Using Light Shaping Tools to Create Realistic Ambient Light for Outdoor Portraits

Although sunny days are great for getting out of the house and enjoying the outdoors, they’re not always the best days for shooting. The high contrast can ruin potentially good shots. However, shooting in the sun can get you some great images if you know how to deal with it. In this video, photographer Joe McNally shows how he shoots portraits on a sunny day with the help of some light shaping tools:

Equipment McNally Uses For His Sunny Day Shoot

  • Large Object to Create Shade. In the video, McNally uses an Elinchrom 74-inch Octa Light to create a shady spot for his subjects to stand. You don’t need something quite as fancy or expensive. This is just what McNally had on hand. You can use many other things to block out the sun. Just be careful that it’s not too heavy or in a position to be blown over by the wind causing potential dangers to the crew, models, and equipment.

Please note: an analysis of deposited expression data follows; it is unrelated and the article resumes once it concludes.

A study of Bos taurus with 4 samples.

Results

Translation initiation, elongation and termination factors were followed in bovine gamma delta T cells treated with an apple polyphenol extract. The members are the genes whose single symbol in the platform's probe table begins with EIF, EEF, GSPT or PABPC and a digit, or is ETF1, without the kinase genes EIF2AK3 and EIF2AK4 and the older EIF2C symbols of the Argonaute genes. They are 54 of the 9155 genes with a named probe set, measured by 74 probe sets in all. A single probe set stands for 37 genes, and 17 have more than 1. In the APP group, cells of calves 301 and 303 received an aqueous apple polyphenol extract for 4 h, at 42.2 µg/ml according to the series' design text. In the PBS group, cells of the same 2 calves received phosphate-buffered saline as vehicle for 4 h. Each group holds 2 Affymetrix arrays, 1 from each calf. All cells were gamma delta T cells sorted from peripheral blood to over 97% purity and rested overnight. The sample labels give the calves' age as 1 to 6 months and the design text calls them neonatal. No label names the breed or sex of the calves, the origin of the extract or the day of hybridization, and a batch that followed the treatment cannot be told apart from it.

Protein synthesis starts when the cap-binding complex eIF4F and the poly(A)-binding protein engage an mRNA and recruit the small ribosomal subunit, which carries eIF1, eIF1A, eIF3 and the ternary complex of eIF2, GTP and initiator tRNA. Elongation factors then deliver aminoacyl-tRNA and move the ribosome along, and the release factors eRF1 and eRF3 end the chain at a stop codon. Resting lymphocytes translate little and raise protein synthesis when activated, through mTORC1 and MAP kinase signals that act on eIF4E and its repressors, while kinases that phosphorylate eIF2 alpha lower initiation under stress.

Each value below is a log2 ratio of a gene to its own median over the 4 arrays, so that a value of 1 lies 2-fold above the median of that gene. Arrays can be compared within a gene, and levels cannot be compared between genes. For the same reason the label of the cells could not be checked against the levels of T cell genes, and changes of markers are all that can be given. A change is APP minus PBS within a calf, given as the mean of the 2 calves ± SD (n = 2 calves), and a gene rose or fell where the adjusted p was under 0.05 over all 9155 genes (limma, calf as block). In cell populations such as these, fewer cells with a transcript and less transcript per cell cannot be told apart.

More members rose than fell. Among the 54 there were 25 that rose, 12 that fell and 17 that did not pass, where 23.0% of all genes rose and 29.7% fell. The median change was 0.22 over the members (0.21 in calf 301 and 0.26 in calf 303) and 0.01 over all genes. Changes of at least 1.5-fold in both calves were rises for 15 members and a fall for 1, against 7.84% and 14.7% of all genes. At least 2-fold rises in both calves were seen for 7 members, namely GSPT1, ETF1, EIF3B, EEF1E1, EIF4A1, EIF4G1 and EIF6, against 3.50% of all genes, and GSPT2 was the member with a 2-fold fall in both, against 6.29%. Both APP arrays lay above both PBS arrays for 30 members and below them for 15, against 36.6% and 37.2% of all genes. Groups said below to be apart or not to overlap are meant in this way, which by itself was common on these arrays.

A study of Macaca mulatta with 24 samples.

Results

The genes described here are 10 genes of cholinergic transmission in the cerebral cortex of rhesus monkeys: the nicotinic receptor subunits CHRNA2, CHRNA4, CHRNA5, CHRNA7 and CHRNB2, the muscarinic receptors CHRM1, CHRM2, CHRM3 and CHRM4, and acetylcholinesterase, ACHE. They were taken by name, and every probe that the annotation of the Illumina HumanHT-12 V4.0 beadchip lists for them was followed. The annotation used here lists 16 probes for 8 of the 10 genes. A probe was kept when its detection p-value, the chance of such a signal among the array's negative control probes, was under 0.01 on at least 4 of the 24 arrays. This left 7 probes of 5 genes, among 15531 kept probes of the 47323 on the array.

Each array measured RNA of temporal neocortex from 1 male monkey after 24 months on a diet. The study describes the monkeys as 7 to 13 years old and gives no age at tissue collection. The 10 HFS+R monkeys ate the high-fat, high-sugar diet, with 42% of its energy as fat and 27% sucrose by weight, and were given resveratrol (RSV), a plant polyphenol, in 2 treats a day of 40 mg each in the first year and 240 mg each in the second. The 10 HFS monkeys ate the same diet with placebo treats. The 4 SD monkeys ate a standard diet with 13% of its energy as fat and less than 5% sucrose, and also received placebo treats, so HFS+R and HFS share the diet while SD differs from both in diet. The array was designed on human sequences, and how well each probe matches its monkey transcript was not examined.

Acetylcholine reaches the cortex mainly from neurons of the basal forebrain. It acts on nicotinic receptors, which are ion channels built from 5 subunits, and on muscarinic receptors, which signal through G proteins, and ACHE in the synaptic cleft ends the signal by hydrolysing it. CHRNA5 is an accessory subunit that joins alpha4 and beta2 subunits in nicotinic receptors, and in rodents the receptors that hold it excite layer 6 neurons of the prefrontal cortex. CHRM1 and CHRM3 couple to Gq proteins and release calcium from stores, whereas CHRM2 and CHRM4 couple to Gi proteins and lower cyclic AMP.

• Light Shaping Softbox. There are many different softboxes available to change the quality of your light. Some are small and square, others are large and circular. For this shoot, McNally has decided to use an Elinchrom 13×68″ strip light. This provides a soft diffused light that reaches the top and bottom of the subjects.
  • Slightly Telephoto Lens. McNally uses a Nikon 85mm f/1.4 lens. This is a personal preference and is not an advantage to shooting on a sunny day. However, it is a very nice lens for portraits.
  • LCD Optical Viewfinder. This affordable little piece of equipment allows you to view your LCD screen on a bright, sunny day. Without it, it’s hard to get a true sense of the values and tonality of your images. McNally prefers his Hoodman Loupe.
light shapers sunny day outdoors matching ambient light

Putting your subjects in the shade allows you to better control the lighting on them

Remember, shooting in open shade is often your best bet as you don’t have to fight the sun. You have even lighting on your subjects to manipulate as you wish with strobes, and your subjects don’t have to squint from looking into the sun.